Multi-peril crop insurance is overseen by the U.S. Department of Agriculture Risk Management Agencies. For row crop producers, the most common multi-peril crop policies purchased are revenue protection and yield protection. Both of these insurance products use the insured farmer’s actual yields in determining the level of indemnity, if any, to be paid.

Third-party injury to crop yields has become a topic of increasing concern since the introduction of Xtend soybeans and cotton. Since their introduction in 2016 to now (2018), farmers have experienced injury to their crops from neighbors spraying various formulations of dicamba. While off-target pesticide damage is a significant source of third-party injury, it is not the only source. Fire caused by someone (not nature, such as a lightning strike) that occurs in a field is also a third-party injury problem.

The Risk Management Agency mandates that all approved insurance providers follow their Common Crop Insurance Policy Basic Provisions. This manual states: "Insurance is provided only to protect against unavoidable, naturally occurring events." Naturally occurring events are frequently weather episodes, such as wind, hail, excess moisture or drought and biological problems, such as pest or pathogen infestations.

The manual goes on to state: "All other causes of loss, including but not limited to the following, are NOT covered: Any act by any person that affects the yield, quality or price of the insured crop (e.g., chemical drift, fire, terrorism, etc.)." Third-party injury from off-target dicamba applications is considered a chemical drift problem – not an insurable loss.

What this practically means is that a farmer whose yield and revenue is diminished due to a neighbor’s spraying of dicamba is not a covered loss. Any lost yield determined to be the result of an off-target injury of dicamba, will not be considered loss requiring an indemnity payment from the insurance company. Being made whole for that loss will have to be sought through some other means.

As a simplified example*, consider that a farmer experiences a third-party injury that reduces his yield by 15 bushels per acre. Before the policy change, the APH for the next 10 years would include this 15-bushel yield loss which would reduce the APH for that field. The sum of the reduced APH over the course of 10 years will be about 1.5 bushels/acre less than it would have been had the injured yield not been included in the APH calculation. The 2017 policy change prevents future APH calculations from being affected by the third-party loss.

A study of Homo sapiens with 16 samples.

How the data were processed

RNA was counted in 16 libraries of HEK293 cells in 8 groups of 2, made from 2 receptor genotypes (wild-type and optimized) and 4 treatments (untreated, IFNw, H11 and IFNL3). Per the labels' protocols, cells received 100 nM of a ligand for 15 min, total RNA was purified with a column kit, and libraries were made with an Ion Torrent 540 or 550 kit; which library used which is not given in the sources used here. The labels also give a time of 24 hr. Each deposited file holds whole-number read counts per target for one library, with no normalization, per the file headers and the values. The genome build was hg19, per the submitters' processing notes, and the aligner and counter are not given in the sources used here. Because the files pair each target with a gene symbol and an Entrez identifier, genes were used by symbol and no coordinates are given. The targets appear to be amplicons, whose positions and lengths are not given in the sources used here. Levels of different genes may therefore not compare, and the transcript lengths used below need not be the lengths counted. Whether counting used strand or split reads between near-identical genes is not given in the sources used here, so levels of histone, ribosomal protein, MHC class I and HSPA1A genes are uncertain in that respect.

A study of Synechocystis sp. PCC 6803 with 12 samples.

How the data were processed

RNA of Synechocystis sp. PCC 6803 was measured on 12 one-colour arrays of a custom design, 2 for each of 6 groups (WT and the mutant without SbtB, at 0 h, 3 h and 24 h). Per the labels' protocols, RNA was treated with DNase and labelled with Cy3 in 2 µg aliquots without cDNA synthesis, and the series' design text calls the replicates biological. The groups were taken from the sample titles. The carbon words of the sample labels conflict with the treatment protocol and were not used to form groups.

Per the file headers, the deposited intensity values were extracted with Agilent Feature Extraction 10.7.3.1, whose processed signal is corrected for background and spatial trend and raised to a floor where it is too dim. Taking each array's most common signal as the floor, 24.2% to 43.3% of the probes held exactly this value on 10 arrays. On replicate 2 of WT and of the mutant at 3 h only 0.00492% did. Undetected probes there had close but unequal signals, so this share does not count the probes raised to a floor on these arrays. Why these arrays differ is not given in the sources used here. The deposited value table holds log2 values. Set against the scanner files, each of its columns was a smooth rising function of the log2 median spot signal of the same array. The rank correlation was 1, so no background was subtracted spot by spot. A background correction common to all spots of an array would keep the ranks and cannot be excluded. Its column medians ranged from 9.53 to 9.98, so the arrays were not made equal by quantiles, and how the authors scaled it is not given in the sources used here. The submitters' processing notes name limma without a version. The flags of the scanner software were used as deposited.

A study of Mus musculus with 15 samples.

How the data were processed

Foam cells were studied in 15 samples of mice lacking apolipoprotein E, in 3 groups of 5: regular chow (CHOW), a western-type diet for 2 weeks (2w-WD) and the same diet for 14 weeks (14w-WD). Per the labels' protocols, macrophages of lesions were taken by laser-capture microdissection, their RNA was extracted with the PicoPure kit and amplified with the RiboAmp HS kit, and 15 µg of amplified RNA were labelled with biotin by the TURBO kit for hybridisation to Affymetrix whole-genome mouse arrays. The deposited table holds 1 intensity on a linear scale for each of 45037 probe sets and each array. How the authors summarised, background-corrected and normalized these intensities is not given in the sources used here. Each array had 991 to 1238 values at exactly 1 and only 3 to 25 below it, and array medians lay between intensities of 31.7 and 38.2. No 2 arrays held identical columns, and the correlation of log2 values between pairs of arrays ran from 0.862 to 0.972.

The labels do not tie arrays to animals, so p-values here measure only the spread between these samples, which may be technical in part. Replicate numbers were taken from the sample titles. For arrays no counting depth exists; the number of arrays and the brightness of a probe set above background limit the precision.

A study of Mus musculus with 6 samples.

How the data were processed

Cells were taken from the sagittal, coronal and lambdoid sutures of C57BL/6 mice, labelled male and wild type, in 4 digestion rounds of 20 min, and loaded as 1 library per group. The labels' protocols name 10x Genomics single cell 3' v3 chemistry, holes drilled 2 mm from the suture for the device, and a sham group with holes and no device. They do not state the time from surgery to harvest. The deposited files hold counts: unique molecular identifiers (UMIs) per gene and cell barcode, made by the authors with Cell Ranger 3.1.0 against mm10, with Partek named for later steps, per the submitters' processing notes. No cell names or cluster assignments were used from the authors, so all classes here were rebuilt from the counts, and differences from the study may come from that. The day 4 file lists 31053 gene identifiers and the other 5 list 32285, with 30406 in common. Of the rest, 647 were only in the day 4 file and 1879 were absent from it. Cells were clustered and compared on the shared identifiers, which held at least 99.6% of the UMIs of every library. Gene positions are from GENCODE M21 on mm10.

*This is a simplified example because it is assuming only one field and not discussing the importance of unit (enterprise, basic, optional and whole-farm) selection to APH calculation.

This does not mean that a farmer experiencing a third-party injury should not contact their crop insurance company. The Risk Management Agency modified its policy manual in 2017 to allow yield losses due to third parties to be excluded from actual production history (APH) calculations. This can be an important benefit to claim if a farmer does experience diminished yields due to any third-party acts, including off-target dicamba injury.

For farmers to receive the exemption of yields negatively affected by third-party acts, the farmer must notify his or her crop insurance agent within 72 hours (three days) of noticing the loss. The farmer cannot wait until harvest to claim the loss. He or she must notify the insurance agent about the damage during the growing season so the insurance company can have an adjuster observe the injury and its extent.

Understanding the new risk environment arising from increased third-party injury may necessitate some additional risk management. First, regularly scouting fields and notifying your insurance company when an injury is observed is essential to claim the third-party injury exception when determining future years' APH. It might also require the farmer to consider if electing different insurable units is appropriate. Location to farmers who are known to spray volatile herbicides or having geographic features that are more susceptible to inversion drift may indicate a need to separate that field from others on the farm.